As I sat at my desk in the early morning hours, I was putting the final touches on my project. Just a few more key strokes and I would be done. I thought, I have fulfilled a lifelong dream. I had finally completed a project that I had worked on for over two years. I expected to feel elated, but instead felt numb. Completing that project had been a mental, physical, emotional, and spiritual marathon. I felt as though every intelligent thought I’d ever had, I’d poured into that project. I couldn’t think and I was sure that I didn’t have a single word left in my brain.
All I had to do now was to save the project and get some sleep. I clicked on the save button and almost immediately the screen began to flicker and suddenly go blue. The blue screen of death. I felt the shot of adrenaline pass through my stomach and up my spine. At first I was in denial. I tried to convince myself that the computer just shut itself down and it would not be a major problem. I hurriedly tried to re-boot my computer. As I waited for the computer to come on, all the hours of research, the countless pictures scanned and the 450 pages of my project flashed in my mind. My computer would not boot up. The realization that I failed to save my project on disk sent another wave of sickening adrenaline through my system. The sense of loss and the inability to blame anyone else weighed heavy on my heart. I would find out later that morning that my computer had crashed and all of the information was lost and could not be recovered.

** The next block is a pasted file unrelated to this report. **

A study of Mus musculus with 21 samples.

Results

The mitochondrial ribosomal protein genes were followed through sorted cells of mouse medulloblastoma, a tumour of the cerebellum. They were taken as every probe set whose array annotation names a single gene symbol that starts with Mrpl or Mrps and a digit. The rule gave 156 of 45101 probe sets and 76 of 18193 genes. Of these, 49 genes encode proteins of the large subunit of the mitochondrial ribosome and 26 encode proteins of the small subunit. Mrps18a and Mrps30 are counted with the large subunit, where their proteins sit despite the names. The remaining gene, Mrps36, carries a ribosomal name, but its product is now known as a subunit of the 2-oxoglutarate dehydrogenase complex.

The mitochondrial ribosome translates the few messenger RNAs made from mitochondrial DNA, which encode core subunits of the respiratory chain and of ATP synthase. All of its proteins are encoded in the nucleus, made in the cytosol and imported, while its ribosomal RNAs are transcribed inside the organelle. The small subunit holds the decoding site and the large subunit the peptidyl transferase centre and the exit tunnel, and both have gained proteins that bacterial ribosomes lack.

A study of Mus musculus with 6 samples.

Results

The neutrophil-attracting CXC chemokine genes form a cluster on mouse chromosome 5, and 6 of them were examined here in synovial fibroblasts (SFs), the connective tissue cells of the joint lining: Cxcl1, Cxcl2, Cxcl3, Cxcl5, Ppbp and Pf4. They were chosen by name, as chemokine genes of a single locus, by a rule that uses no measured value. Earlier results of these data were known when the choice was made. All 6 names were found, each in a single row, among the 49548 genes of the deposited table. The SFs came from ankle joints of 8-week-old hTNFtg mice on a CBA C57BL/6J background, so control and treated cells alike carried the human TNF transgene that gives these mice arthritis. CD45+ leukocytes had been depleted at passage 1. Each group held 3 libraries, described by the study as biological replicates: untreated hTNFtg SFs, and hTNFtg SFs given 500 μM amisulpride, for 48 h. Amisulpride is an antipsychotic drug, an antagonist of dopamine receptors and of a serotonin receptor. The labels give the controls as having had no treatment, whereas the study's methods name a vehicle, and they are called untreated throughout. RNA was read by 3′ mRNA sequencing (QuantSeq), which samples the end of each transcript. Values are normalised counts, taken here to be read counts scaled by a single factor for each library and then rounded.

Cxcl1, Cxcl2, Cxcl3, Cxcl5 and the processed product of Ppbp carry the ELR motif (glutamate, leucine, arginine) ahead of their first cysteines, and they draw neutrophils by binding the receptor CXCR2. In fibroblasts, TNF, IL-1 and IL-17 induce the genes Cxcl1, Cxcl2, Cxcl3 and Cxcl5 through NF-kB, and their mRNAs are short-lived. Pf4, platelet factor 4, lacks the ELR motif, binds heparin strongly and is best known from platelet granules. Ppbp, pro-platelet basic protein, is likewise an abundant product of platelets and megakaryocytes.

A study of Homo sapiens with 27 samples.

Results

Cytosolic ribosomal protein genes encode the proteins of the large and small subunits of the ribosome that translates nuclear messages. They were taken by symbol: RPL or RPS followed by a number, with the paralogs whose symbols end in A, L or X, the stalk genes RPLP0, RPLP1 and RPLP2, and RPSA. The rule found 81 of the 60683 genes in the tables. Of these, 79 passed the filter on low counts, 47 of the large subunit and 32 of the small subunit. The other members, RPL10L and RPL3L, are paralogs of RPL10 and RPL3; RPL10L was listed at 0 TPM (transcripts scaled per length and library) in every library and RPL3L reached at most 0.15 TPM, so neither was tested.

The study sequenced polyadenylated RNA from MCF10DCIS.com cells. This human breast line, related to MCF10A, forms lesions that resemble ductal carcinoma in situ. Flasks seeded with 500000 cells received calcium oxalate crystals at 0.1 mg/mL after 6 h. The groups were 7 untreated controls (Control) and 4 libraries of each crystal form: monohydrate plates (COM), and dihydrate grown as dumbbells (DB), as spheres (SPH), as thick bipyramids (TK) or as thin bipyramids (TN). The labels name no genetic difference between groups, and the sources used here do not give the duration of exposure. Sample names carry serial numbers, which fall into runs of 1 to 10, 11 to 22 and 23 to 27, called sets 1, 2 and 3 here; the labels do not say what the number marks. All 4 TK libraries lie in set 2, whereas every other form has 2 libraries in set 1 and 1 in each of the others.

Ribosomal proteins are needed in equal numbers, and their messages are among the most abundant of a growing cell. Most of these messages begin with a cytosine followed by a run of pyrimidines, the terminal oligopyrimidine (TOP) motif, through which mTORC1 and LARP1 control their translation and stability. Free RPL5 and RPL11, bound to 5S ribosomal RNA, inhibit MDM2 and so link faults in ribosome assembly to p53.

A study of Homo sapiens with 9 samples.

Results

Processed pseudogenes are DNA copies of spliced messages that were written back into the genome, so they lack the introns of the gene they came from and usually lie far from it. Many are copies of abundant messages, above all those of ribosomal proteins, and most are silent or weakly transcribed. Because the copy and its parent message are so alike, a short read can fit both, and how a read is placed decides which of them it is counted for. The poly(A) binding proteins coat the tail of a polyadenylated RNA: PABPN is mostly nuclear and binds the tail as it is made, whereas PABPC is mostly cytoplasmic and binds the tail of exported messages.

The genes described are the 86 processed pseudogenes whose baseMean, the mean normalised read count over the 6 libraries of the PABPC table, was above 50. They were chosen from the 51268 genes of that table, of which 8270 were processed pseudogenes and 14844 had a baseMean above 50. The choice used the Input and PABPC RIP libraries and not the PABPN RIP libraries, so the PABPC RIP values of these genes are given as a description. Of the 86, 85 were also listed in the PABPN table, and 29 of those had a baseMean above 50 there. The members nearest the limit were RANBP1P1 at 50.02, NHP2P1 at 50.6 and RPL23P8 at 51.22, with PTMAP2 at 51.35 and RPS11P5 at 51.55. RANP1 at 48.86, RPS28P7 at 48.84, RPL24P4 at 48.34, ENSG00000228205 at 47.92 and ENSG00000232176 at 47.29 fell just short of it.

For the next three weeks, I struggled. I have to admit, there were times I almost cried. I tried every way I could think of to blame someone else for my situation. But in the end, I could not blame anyone else for my failure to back up my project. It was my fault and I knew it. I was now going to have to start over. What had taken me over two years to complete, would now have to be re-written. I did not have the desire nor the heart to start it again. My failure had defeated me…for a while.
Tomas Edison, after thousands of failures when he was inventing the light bulb, is quoted as to have said,
I Didn’t Fail, I Just Found Another Way To Do It Wrong
Now I am not sure that Edison’s perspective is right, but I do know that many people experienced epic failure before they were credited with success.
Failure is something we’d rather talk about after its overcome with subsequent success. That’s unfortunate, because failure teaches us things we can’t learn any other way. I have been told that the doorway to success is entered through the hallway of failure. Lord knows, if that is indeed true, I should be the most successful person ever.
Are you learning from your failures? If so…what are you learning?